In Borden v. United States, No. 19-5410 (June 10, 2021), a divided United States Supreme Court held that a criminal offense with a mens rea of recklessness does not quality as a "violent felony" under the Armed Career Criminal Act's (ACCA) element's clause. An offense qualifies as a violent felony under ACCA's elements clause if it necessarily involves "the use, attempted use, or threatened use of physical force against the person of another." 18 U. S. C. SS924(e)(2)(B)(i). Whether reckless offenses would satisfy ACCA's elements clause was a question left open by in Leocal v. Ashcroft, 543 U.S. 1 (2004) and Vosine v. United States, 579 U.S. 686 (2016). The Court's opinion in Borden, based on statutory construction, further narrows the definition of violent felonies that qualify for ACCA's 15-year minimum sentence for persons found guilty of illegally possessing a firearm who have three or more prior convictions for a "violent felony." Although the Court did not address the retroactivity of it's decision in Borden (it seldom speaks about retroactivtyin direct appeal decisions), the fact the Court's decision turns on statutory constuction supports the conclusion it is retroactive to cases on collateral review. See, e.g., Welch v. United States, 578 U.S. 120 (2016) (making Johnson v. United States, 576 U.S. 591 (2015) retroactive).
Justice Kagan announced the opinion of the Court, joined by Justices Breyer, Sotomayor, and Gorsuch. Justice Thomas filed an opinion concurring in the judgement. Justice Kavanaugh filed a dissenting opinion, joined by Chief Justice Roberts and Justices Alita and Barrett.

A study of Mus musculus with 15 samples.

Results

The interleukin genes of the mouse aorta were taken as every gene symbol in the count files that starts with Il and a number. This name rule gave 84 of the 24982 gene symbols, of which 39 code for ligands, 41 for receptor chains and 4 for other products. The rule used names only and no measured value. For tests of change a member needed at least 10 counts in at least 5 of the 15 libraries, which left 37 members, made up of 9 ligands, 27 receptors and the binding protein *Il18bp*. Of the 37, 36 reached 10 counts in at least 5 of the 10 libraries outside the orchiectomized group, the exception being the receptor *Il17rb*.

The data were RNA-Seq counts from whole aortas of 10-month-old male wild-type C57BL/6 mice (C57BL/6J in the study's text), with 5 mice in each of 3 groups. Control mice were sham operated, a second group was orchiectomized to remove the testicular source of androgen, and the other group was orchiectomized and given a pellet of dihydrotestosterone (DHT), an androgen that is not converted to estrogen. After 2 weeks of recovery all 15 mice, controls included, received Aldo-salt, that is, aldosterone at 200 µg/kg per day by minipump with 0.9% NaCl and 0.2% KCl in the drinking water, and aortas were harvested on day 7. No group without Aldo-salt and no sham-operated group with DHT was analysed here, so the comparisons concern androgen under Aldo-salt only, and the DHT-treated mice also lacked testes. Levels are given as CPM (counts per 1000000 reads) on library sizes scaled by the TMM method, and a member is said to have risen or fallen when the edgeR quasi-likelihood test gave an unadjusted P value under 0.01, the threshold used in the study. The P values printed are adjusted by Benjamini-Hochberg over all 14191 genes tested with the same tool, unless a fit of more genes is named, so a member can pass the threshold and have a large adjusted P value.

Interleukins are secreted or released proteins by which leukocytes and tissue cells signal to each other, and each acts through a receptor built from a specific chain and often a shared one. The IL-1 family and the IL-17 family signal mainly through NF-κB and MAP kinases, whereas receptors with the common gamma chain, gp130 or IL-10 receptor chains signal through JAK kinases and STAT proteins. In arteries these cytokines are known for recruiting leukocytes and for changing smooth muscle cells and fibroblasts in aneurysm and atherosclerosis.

Petitioner Charles Borden, Jr., pleaded guilty to a felon-in-possession charge, and the Government sought an enhanced sentence under ACCA. One of the three convictions alleged as predicates was for reckless aggravated assault in violation of Tennessee law. Borden argued that this offense is not a violent felony under ACCA's elements clause because a mental state of recklessness suffices for conviction. In his view, only purposeful or knowing conduct satisfies the clause's demand for the use of force "against the person of another." The District Court disagreed and sentenced Mr. Borden as an armed career criminal. The Sixth Circuit affirmed. The Supreme Court reversed.
Merits briefing is available on the Supreme Court's website here. The oral argument is availbale here. The Training Division provides sentencing resources that will help you argue for the best possible sentence for your clients.